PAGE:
Last January, feeling nostalgic for the kind of in-depth reading I did as a kid before the Internet intervened to make me a scanner of text, I decided to set of a goal of reading 100 books in 2012. I just finished—and thought I would mention the books that I either enjoyed the most or got the most satisfaction from this year. Other than The Winter of Our Discontent, I deliberately left out books that I re-read this, because Discontent was a very different read now than when was 19.
- This is How You Lose Her by Junot Diaz
- The Winter of Our Discontent by John Steinbeck.
- Billy Lynn’s Long Halftime Walk by Ben Fountain
- Sons and Lovers by D.H. Lawrence
- The Fault in Our Stars by John Green
Honorable Mentions: The Marriage Plot by Jeffrey Eugenides and Demian by Herman Hesse.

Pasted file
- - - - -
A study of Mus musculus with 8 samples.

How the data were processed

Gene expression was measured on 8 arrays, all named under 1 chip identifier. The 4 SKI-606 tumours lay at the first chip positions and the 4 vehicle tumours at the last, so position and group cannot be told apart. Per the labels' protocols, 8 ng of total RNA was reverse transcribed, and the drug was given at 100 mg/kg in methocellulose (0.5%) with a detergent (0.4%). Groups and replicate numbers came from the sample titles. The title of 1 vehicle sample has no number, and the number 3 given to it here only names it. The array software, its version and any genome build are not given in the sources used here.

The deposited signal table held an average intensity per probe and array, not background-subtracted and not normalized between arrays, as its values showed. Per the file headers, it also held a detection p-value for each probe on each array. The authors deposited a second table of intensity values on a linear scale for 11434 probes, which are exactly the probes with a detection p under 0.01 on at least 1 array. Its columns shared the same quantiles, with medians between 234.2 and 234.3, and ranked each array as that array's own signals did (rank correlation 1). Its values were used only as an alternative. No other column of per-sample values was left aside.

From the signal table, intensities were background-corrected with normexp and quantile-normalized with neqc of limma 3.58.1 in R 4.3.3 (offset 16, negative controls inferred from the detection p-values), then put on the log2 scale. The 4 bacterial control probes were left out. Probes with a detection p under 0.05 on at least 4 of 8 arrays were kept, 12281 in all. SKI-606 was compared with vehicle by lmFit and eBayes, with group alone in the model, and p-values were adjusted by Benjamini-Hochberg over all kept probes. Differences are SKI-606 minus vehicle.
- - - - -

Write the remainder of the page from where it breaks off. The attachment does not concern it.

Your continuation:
- The Crack-Up by F. Scott Fitzgerald
- The Paradox of Love by Pascal Bruckner
- Destiny Disrupted: A History of the World Through Islamic Eyes by Tamim Ansary
- One Life at a Time, Please by Edward Abbey
- How to Be an Existentialist: or How to Get Real, Get a Grip and Stop Making Excuses by Gary Cox
The Worst Choices
I disliked three of the books I read this year enough to mention them here. My debate research led me to read a radical environmental text called Deep Green Resistance and a libertarian transportation tract called The Best Laid-Plans. Each was terrible.
The worst fiction title I read was Chris Cleave’s Incendiary. I’m not sure I can remember a book I’ve hated more, despite my admiration for Cleave’s Little Bee.
For 2013, I think I’m going to abandon the goal of 100 books and pursue some weighty classics I haven’t read or haven’t read for years, starting off with East of Eden and Les Miserables, two books I loved in high school. Feel free to send recommendations my way for other excellent reads.